Since Roman times we have used pretty much the same methods of heating for our homes. Back then, water was heated and pumped through the walls of the house to radiate heat out through the building and keep the occupants inside as warm as possible. They were the originators of this form of underfloor heating and the essential premise is one which was taken into all central heating systems you see around the world today. Boil water, circulate, heat.
When you reflect upon this it is perhaps a little surprising that the method hasn’t evolved any further. In many ways it is a credit to how advanced the Romans were but surely, in the 21st century there is another way of getting the same results if not better through more advanced and efficient means?
What’s the solution?
Over the last few years there has been a lot of talk about how infrared radiant heating might be the solution. The main point of difference is that the direct nature of the heating which is applied. If you think about the process of central heating it is hugely inefficient because of the sheer number of links in the chain. First you need to heat the water, which in turn heats the radiator which then heats the air which is required to heat the people in it. At each one of these energy transactions there is a loss and given how many transactions there is, you don’t need to be a physicist to realise that quite a bit of the money you are pouring into your heating bill isn’t ultimately heating you at all.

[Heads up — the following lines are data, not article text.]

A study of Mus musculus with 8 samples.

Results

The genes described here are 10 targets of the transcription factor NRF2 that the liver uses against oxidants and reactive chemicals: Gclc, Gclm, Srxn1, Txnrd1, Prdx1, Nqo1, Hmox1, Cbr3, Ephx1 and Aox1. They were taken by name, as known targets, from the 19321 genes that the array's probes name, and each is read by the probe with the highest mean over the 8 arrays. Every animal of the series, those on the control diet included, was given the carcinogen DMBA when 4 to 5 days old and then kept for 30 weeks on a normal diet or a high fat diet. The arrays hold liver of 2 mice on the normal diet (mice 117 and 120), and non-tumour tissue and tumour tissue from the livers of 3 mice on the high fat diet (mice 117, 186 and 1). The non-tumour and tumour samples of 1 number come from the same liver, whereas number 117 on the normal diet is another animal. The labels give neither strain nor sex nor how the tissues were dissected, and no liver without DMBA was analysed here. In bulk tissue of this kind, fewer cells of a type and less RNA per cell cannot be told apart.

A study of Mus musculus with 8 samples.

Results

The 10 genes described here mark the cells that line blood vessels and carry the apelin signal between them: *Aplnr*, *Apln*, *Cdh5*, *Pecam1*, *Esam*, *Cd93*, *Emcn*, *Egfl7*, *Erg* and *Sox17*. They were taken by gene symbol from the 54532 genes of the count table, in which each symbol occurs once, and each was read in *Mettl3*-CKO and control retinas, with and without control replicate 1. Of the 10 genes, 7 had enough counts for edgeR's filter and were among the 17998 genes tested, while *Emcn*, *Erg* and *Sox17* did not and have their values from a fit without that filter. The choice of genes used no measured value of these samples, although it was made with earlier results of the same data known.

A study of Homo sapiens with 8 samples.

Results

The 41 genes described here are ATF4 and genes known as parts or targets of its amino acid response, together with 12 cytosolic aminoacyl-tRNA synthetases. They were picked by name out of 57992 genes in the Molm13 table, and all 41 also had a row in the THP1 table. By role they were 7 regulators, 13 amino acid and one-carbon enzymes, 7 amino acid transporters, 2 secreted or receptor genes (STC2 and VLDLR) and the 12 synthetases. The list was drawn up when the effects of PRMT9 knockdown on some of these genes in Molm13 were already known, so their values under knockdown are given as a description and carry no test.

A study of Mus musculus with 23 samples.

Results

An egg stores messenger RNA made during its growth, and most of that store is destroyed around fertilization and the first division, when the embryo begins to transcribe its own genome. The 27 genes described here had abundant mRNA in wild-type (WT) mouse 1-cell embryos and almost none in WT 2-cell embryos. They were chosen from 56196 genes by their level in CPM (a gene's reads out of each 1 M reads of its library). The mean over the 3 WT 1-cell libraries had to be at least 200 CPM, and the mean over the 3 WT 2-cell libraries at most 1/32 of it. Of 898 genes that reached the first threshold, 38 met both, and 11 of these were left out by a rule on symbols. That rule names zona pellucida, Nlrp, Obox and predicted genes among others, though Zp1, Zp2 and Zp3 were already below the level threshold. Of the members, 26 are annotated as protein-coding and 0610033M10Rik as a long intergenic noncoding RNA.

In contrast, infrared technology is completely direct. Rather than heating the air around you, it heats literally everything. Tables, lamps, even the people in the room itself all receive direct heat and their temperatures are raised by the infrared rays which bounce around the room.
Benefits to Infrared Heating
This is obviously a much more efficient system than the previous one which was on offer, simply in terms of the significantly fewer links in the chain. But there are other benefits too. This added efficiency means that you can also set your temperature a little lower than you would with central heating. The direct nature of the heating means that you can feel it almost instantaneously, so you no longer have to worry about setting your heating to turn on an hour before you get home in the middle of winter.
All of these things have the added bonus of course of effecting your bottom line. More efficient, lower temperature, quicker acting heating cuts through that horrible sense of impending fear when the heating bill lands on the mat in the hall. So it seems pretty fair to say that in this head to head contest, infrared heating is the clear victory and it is arguably a knock out.